U.S. Supreme Court

SCOTUS accepts case of autistic child to rule on education benefits for kids with disabilities


The parents of Endrew F. are seeking reimbursement of the private-school tuition on the ground that the public school failed to provide an appropriate education as required by the Individuals with Disabilities Education Act. The school failed to deal with Endrew’s behavior issues that included head banging, falling to the floor and taking off his clothes, the parents contended.

At issue in Endrew F. v. Douglas County School District is the standard that schools must meet in complying with the law. SCOTUSblog, Education Week, the Denver Post and Bloomberg News have stories.

Endrew’s family told the Denver Post they were “shell-shocked and giddy” about the cert grant. “If we can change any families’ lives, that’s our goal,” said Endrew’s father.

The Denver-based 10th U.S. Circuit Court of Appeals had ruled that the public school was required to develop a plan that was reasonably calculated to provide “some” educational benefit that is nontrivial. Endrew’s case was close, but the standard was met, the 10th Circuit said.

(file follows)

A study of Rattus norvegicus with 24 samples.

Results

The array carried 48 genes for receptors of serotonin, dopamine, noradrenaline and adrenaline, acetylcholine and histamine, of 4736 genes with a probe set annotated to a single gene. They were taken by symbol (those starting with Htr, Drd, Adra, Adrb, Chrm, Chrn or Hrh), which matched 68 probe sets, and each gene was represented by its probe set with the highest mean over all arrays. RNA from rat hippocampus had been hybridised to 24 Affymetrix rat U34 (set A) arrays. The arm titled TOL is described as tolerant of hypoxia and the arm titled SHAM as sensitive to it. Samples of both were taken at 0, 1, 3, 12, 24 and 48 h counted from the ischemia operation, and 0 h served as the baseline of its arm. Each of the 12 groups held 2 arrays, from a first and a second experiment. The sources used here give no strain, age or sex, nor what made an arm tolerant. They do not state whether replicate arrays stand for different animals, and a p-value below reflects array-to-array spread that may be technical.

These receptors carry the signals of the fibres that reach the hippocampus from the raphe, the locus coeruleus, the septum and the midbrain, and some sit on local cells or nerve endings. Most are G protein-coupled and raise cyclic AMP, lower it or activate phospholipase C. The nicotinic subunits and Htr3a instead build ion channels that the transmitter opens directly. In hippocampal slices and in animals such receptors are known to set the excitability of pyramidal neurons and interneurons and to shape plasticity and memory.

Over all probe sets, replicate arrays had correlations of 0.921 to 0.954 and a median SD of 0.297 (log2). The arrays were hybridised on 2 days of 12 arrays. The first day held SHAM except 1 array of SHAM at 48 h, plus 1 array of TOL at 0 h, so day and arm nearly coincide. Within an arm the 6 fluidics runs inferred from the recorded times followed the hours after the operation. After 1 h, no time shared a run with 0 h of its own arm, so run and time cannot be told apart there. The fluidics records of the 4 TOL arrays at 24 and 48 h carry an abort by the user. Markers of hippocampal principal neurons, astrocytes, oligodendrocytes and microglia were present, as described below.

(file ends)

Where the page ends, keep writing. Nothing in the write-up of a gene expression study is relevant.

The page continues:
Some appeals courts cite a higher standard, requiring schools to provide a “meaningful educational benefit,” according to the cert petition (PDF).

Asked for its views, the federal government said the Supreme Court should overturn the 10th Circuit’s “erroneous holding” that nontrivial progress is sufficient. “No parent or educator in America would say that a child has received an ‘appropriate’ or a ‘specially suitable’ or ‘proper’ education ‘in the circumstances’ when all the child has received are benefits that are barely more than trivial,” the government brief said.